A new policy proposed
by the Centers for Medicare and Medicaid Services (CMS) would take away the rights of residents when it comes to settling nursing home disputes between residents and their families and the nursing home companies. Under the Obama Administration, the CMS enacted a ban on federal funding for any nursing home that forced residents to sign an arbitration agreement as a requisite for admittance. While the ban never went into effect because it was under litigation, the CMS’ proposed action will keep it from ever doing so, forcing arbitration on residents.
According to the American Health Care Association, which represents the interests of long term care providers, arbitration is a faster and cheaper alternative to the use of courts for settling these nursing home disputes. However, many residents and their families feel forced into the arbitration agreements, and are not always aware of what it is they are signing.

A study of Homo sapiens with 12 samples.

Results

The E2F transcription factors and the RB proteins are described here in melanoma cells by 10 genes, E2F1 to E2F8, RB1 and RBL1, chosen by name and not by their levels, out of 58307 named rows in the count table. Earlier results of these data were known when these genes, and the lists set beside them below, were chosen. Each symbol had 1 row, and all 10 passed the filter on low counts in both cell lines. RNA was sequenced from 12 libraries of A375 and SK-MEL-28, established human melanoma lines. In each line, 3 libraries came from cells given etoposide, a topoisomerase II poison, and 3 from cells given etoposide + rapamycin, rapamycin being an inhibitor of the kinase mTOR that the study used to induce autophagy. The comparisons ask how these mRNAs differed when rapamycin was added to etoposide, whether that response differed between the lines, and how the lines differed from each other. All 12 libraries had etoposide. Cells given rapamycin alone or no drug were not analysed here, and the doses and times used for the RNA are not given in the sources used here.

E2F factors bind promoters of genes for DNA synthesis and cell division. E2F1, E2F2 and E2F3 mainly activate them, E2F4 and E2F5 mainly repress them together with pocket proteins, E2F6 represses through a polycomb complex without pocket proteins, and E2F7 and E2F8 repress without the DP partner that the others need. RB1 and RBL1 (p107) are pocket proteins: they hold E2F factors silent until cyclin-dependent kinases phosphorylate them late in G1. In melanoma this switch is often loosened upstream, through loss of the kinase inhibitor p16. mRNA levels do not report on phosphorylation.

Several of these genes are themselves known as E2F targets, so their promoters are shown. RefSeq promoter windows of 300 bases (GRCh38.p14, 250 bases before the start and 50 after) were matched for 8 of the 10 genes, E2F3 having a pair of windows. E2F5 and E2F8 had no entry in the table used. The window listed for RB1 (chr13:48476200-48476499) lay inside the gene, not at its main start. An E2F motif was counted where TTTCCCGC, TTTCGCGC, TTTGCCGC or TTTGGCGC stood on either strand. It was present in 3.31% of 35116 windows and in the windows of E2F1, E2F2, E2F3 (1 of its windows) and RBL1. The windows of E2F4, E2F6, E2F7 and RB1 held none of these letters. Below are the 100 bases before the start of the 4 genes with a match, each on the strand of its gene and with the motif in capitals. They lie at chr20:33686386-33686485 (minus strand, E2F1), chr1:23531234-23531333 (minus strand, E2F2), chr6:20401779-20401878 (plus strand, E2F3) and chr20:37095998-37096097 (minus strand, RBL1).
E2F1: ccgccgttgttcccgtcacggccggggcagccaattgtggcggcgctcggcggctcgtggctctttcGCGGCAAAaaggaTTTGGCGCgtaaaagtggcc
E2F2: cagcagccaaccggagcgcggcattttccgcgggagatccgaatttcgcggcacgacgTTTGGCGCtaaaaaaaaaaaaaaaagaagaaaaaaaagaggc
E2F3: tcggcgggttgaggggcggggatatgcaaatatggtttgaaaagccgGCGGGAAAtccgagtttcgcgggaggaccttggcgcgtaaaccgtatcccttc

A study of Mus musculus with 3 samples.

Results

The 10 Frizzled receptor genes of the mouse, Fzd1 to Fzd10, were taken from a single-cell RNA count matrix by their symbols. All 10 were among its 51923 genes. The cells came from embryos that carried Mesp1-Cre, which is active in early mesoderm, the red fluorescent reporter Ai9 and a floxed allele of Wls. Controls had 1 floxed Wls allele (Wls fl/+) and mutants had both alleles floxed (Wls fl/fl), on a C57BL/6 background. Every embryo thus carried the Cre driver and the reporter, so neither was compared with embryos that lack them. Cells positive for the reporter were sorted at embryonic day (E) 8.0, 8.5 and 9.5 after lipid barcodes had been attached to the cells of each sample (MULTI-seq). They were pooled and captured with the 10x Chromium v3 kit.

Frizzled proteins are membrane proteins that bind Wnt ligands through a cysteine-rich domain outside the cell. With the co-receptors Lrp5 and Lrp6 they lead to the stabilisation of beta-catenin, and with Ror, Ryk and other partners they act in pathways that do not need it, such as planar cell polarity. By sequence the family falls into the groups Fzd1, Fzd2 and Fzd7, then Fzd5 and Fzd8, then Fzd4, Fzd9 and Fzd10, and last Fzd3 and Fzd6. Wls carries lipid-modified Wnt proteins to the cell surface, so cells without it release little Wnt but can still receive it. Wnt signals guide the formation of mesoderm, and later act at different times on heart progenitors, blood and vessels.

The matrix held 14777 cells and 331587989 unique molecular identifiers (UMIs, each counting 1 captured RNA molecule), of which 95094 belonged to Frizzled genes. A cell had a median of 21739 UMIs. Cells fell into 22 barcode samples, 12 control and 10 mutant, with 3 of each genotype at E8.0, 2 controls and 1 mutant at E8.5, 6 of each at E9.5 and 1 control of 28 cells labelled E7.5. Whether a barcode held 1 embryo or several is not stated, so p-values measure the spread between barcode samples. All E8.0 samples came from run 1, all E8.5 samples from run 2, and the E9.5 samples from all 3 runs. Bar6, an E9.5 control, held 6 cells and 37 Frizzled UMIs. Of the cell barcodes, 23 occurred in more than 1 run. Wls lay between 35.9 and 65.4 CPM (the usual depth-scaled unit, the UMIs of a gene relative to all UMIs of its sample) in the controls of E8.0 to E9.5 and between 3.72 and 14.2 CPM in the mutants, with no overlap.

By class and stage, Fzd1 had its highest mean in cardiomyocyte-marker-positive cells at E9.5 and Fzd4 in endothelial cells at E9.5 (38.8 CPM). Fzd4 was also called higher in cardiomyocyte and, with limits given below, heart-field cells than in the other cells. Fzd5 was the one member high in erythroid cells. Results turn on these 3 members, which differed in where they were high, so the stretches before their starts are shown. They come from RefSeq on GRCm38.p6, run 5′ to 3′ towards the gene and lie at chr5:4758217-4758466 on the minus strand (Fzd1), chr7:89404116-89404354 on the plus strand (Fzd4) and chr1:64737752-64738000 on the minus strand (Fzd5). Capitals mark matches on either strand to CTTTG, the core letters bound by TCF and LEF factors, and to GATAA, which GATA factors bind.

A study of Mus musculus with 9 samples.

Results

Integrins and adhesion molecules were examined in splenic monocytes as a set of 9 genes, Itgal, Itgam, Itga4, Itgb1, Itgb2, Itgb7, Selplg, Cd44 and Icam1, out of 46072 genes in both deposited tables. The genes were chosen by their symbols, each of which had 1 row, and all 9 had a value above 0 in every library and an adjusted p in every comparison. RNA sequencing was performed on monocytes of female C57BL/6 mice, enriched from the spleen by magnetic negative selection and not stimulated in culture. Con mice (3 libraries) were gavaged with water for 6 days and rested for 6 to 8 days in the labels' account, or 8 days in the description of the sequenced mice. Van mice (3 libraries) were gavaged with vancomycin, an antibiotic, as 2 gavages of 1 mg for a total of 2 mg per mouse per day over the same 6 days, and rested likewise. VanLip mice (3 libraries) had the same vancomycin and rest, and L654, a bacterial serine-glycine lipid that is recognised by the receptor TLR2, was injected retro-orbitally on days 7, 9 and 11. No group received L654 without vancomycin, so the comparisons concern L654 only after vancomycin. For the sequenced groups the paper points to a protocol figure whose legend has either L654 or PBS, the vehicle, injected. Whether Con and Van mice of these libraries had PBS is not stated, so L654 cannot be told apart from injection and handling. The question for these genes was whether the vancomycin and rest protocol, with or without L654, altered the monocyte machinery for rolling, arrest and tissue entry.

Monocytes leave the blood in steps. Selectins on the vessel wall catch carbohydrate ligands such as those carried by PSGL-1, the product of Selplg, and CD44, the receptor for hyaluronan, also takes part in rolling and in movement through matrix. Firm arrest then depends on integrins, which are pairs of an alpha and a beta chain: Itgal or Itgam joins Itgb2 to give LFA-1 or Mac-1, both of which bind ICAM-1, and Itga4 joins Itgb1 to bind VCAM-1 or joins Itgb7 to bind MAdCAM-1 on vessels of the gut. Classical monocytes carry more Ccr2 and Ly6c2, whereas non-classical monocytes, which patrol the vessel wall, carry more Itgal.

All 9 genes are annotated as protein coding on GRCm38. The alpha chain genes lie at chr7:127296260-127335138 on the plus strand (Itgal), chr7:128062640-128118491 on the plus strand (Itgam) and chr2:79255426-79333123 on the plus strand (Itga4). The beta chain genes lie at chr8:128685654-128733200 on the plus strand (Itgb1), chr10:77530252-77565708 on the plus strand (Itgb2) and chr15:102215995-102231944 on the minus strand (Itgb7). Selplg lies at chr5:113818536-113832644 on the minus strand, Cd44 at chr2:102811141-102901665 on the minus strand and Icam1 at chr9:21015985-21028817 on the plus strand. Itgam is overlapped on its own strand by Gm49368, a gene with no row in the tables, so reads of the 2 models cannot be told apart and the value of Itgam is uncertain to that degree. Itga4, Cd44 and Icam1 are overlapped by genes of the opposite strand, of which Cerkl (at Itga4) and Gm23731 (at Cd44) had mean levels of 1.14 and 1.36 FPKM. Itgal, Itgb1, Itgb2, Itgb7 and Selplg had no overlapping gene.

This news comes two weeks after the Supreme Court ruled
in favor of a Kentucky nursing home, ruling that the arbitration agreements that the families of the residents signed were binding. The case started when the relatives of two deceased nursing home residents tried to sue the nursing home for substandard care, but the defendant moved to have the suits dismissed, citing the arbitration agreements.
While the proposal does include provisions that the agreements be free of legal jargon and that a representative of the nursing home explain what the resident is signing, this decision would still be a major win for the nursing home industry.
For the millions of residents and their families who rely on the long term care that nursing homes provide, this proposal would take away their right to a day in court, a key proponent in ensuring that they receive the highest quality care.